Huey P. Newton, co-founder of the Black Panther Party, on Aug. 15, 1970, on Gay and Women’s Rights.

Newton, Huey P.
1970 August 15
Workers World

Newton, Huey P. A Black Panther’s View: Huey P. Newton on Gay, Women’s Liberation. Article. Published online May 16, 2012. Worker's World.

The Black Panther Party for Self-Defense was a major civil rights organization that existed during the 1960s and 1970s. Huey Newton founded the Black Panthers in 196 in Oakland with several college friends who were frustrated by the slow pace of other black civil rights organizations. Newton and the Black Panthers were heavily influenced by the “Black Power” philosophy of Malcolm X, although they did not share Malcolm X’s religious views. Newton was the first major black leader to suggest that black activists should form coalitions and alliances with gay activists. During the 1960s, most black civil rights organizations had either ignored the plight of gay people or condemned gay people as unworthy of equal rights. Newton, a self-proclaimed revolutionary, believed that gay and black people shared many of the same forms of injustice, such as job discrimination and police harassment. Newton also reached out to women’s rights activists, which was unusual for male black activists in the 1960s.
Newton’s reaching out to gay rights organizations (referred to at the time as “gay liberation” groups) broke with previous black civil rights leaders who tended to ignore or malign gay people. In seeking acceptance from white society, most black leaders in the 1960s sought to portray black Americans as family-oriented and sexually “normal.” Newton’s interest in the newly emerging gay groups is connected to his concept of himself as a revolutionary, someone who seeks sweeping, bold changes in society rather that small, incremental improvements. This document offers an opportunity to discuss different activist strategies, and the benefits of radicalism versus more moderate approaches to civil rights. Teachers should note that 1970 was one year after the famous Stonewall riots,” a series of protests in New York City in 1969 that helped motivate and galvanize gay men and lesbians to engage in high levels of political activism. Before Stonewall, there were only a few dozen gay rights organizations in the United States, but just a year later in 1970 there were nearly one thousand. Newton’s interest in connecting with gay activists thus signals the growing visibility of gay activism as a major social movement in the early 1970s. Newton’s tone in the document suggests that there were significant degrees of homophobia in his organization at the time. Teachers may want to mention that the Black Panthers adopted a very “macho” public image, wearing leather jackets and carrying shotguns openly in public. Some Black Panthers considered such masculinity incompatible with homosexuality. Another Black Panther leader, Eldridge Cleaver, for example, was openly homophobic in his book Soul on Ice. We cannot be sure how successful Newton’s efforts were in convincing his fellow Panthers to accept white gay activists as brothers in revolutionary struggle, but the fact that he made the plea in the first place was significant and pointed to later years when black and gay activists would work more readily to align their movements. As other documents in this lesson show, however, this was never a simple process.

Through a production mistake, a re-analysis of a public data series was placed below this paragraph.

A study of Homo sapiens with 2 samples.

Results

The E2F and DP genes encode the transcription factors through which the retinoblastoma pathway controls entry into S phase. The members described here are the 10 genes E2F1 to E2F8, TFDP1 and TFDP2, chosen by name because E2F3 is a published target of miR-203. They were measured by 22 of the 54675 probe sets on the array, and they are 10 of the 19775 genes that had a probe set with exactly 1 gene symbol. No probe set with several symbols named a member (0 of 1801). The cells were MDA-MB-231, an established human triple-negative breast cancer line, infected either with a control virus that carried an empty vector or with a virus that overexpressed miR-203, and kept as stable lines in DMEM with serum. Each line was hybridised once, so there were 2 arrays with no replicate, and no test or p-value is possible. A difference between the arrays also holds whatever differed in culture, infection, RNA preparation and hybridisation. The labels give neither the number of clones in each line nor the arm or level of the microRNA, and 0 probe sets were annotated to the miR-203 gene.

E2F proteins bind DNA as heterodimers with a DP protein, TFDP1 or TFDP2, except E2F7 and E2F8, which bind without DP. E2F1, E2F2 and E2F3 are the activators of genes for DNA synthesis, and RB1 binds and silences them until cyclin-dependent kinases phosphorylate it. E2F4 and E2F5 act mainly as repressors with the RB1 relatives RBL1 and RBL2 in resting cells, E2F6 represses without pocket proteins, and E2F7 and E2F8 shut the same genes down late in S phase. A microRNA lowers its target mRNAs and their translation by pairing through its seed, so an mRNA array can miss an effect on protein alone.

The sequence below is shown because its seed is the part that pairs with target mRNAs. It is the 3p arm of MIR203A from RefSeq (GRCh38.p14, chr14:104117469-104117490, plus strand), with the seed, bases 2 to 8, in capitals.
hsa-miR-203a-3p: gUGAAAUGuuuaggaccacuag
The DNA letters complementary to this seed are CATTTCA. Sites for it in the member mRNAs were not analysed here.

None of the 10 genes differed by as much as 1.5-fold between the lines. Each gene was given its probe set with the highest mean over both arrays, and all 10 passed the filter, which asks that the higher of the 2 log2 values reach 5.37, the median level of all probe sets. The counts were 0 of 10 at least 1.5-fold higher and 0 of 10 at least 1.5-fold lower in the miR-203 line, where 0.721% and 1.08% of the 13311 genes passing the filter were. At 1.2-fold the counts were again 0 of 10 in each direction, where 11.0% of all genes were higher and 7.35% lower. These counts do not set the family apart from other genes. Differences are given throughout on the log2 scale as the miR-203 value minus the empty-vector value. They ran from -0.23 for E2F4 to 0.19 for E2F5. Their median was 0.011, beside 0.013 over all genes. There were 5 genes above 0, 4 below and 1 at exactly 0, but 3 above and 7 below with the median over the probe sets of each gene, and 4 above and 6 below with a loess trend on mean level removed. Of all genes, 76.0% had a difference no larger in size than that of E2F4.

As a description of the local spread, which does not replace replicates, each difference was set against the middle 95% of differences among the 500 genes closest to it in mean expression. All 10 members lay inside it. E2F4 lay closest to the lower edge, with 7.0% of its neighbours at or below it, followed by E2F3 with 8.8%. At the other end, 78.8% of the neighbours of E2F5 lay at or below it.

During the past few years strong movements have developed among women and among homosexuals seeking their liberation. There has been some uncertainty about how to relate to these movements.

Whatever your personal opinions and your insecurities about homosexuality and the various liberation movements among homosexuals and women (and I speak of the homosexuals and women as oppressed groups), we should try to unite with them in a revolutionary fashion. I say “whatever your insecurities are” because as we very well know, sometimes our first instinct is to want to hit a homosexual in the mouth and want a woman to be quiet. We want to hit a homosexual in the mouth because we are afraid that we might be homosexual; and we want to hit the woman or shut her up because we are afraid that she might castrate us or take the nuts that we might not have to start with.

We must gain security in ourselves and therefore have respect and feelings for all oppressed people. We must not use the racist attitude that the White racists use against our people because they are Black and poor. Many times the poorest White person is the most racist because he is afraid that he might lose something, or discover something that he does not have. So you’re some kind of a threat to him. This kind of psychology is in operation when we view oppressed people and we are angry with them because of their particular kind of behavior, or their particular kind of deviation from the established norm.

Remember, we have not established a revolutionary value system; we are only in the process of establishing it. I do not remember our ever constituting any value that said that a revolutionary must say offensive things towards homosexuals, or that a revolutionary should make sure that women do not speak out about their own particular kind of oppression. As a matter of fact, it is just the opposite: we say that we recognize the women’s right to be free. We have not said much about the homosexual at all, but we must relate to the homosexual movement because it is a real thing. And I know through reading, and through my life experience and observations that homosexuals are not given freedom and liberty by anyone in the society. They might be the most oppressed people in the society.